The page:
Sunday February 1, 2009

Alumni at UD: Daria Graham '94

Though Daria Graham '94 came to work at UD in 1999, she never really left UD. Considered the longest-standing member of the Ebony Heritage Singers, she's now assistant director of leadership initiatives in the office of multicultural affairs. She took a break with Laura Edwards, a graduate assistant in University communications, to tell a little more about herself.

Though Daria Graham '94 came to work at UD in 1999, she never really left UD. During the five years between her graduation and her employment, the business management grad continued singing in the Ebony Heritage Singers and provided support to its director, music professor Donna Cox, "in any capacity needed," said Graham, now assistant director of leadership initiatives in the office of multicultural affairs. In January, she spent a half-hour with Laura Edwards, a graduate assistant in University communications.

Tell me about your work with the Ebony Heritage Singers. I was in the group for all four years as an undergrad and sang for an additional four years after I graduated since I lived in the area. I have been back in a supportive capacity since then. Last semester, I stepped in for Dr. Cox as co-director while she was on sabbatical, but I am really her support person. I am actually the longest-standing member of the group — 19 years.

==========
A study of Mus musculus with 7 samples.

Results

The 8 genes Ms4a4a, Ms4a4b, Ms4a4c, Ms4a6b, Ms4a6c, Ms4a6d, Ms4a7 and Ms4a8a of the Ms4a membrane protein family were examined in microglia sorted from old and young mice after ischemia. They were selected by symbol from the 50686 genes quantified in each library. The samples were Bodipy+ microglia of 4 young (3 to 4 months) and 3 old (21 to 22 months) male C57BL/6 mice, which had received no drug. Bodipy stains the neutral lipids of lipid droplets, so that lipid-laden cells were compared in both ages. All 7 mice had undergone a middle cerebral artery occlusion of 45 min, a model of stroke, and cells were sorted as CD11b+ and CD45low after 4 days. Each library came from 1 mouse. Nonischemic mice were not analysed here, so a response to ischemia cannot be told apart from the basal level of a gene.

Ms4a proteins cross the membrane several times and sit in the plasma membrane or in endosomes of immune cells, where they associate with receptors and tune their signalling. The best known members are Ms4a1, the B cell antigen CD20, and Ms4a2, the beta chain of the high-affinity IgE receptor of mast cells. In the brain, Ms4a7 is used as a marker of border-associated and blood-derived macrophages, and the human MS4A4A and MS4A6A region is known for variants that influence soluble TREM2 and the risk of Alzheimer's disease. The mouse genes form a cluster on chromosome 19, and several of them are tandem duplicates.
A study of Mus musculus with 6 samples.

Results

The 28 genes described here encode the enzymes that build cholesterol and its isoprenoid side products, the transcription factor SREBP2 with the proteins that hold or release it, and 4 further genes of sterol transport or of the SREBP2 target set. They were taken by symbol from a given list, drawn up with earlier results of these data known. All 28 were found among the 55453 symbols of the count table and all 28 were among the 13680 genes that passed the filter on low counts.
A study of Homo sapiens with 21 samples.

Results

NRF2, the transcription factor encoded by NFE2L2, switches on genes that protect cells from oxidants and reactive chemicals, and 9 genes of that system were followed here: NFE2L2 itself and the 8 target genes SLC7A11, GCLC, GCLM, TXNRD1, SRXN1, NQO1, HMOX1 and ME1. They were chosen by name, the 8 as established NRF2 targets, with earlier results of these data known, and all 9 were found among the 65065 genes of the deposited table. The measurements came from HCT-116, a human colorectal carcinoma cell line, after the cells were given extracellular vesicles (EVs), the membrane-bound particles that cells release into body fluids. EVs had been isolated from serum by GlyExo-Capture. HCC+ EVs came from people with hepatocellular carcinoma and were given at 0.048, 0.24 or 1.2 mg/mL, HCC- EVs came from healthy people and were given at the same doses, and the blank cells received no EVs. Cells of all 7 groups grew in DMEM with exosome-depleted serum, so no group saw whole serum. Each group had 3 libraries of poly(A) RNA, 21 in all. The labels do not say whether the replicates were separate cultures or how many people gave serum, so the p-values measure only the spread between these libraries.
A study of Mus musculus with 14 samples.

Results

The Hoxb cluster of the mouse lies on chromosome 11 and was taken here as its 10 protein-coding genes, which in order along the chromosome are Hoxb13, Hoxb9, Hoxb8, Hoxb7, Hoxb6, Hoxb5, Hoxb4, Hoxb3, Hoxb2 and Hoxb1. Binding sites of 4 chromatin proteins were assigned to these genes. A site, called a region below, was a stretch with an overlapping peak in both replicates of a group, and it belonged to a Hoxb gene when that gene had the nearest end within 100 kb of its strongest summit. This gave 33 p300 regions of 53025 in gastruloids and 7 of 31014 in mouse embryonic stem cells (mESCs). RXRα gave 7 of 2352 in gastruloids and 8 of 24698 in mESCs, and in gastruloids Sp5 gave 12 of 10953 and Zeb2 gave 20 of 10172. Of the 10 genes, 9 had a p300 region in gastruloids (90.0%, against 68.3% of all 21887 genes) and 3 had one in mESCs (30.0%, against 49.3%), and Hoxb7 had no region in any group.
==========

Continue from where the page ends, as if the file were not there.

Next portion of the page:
What brought you back to UD? God brought me back. I was gone for five years, teaching high school, working at a bank and working administratively for the county, and I can now see that each of those places has fed into the roles I now play at UD. There's nothing in my past that doesn't play a part in what I do, and I think that's unique.

Is there a moment from your time at UD as an undergraduate that stands out? I learned my biggest life lesson from Dr. Sister Judith Martin, S.S.J. She asked me to do a paper on the gender of God, and I wrote an eloquent piece stating that God's gender doesn't matter, only that we should be exemplifying who God is — and she gave me my first F. She explained to me that I did not do what she asked me to do. This is a lesson I've had to state to my students over and over: Get a good understanding, and follow the directions. Do what is expected of you.

What is different about the minority student of today, as compared to when you were in school? The millennial student has clear ideas of what her experience will be and does well with those who support it, whereas I believe our generation was more open to allowing our experiences to "become." We have to show students of color the value of those things that don't necessarily fit into their plan - even experiences that they shouldn't have to go through — that there is value there, too. The student of today has clearly defined expectations, while the student of our generation was more open to the unexpected.

What's on your iPod? Tons of children's music because my children are 2 and 3 — so the Backyardigans, gospel music and movies like Horton Hears a Who. Right now, you have a huge pool of individual gospel artists, and the gospel choir is not as popular, but my favorite choir leader is Dr. Charles G. Hayes, and some of my favorite singers are Jamie Foxx and Kierra "Kiki" Sheard.

For more information, contact Meagan Pant, assistant director of media relations, at 937-229-3256 or mpant1@udayton.edu.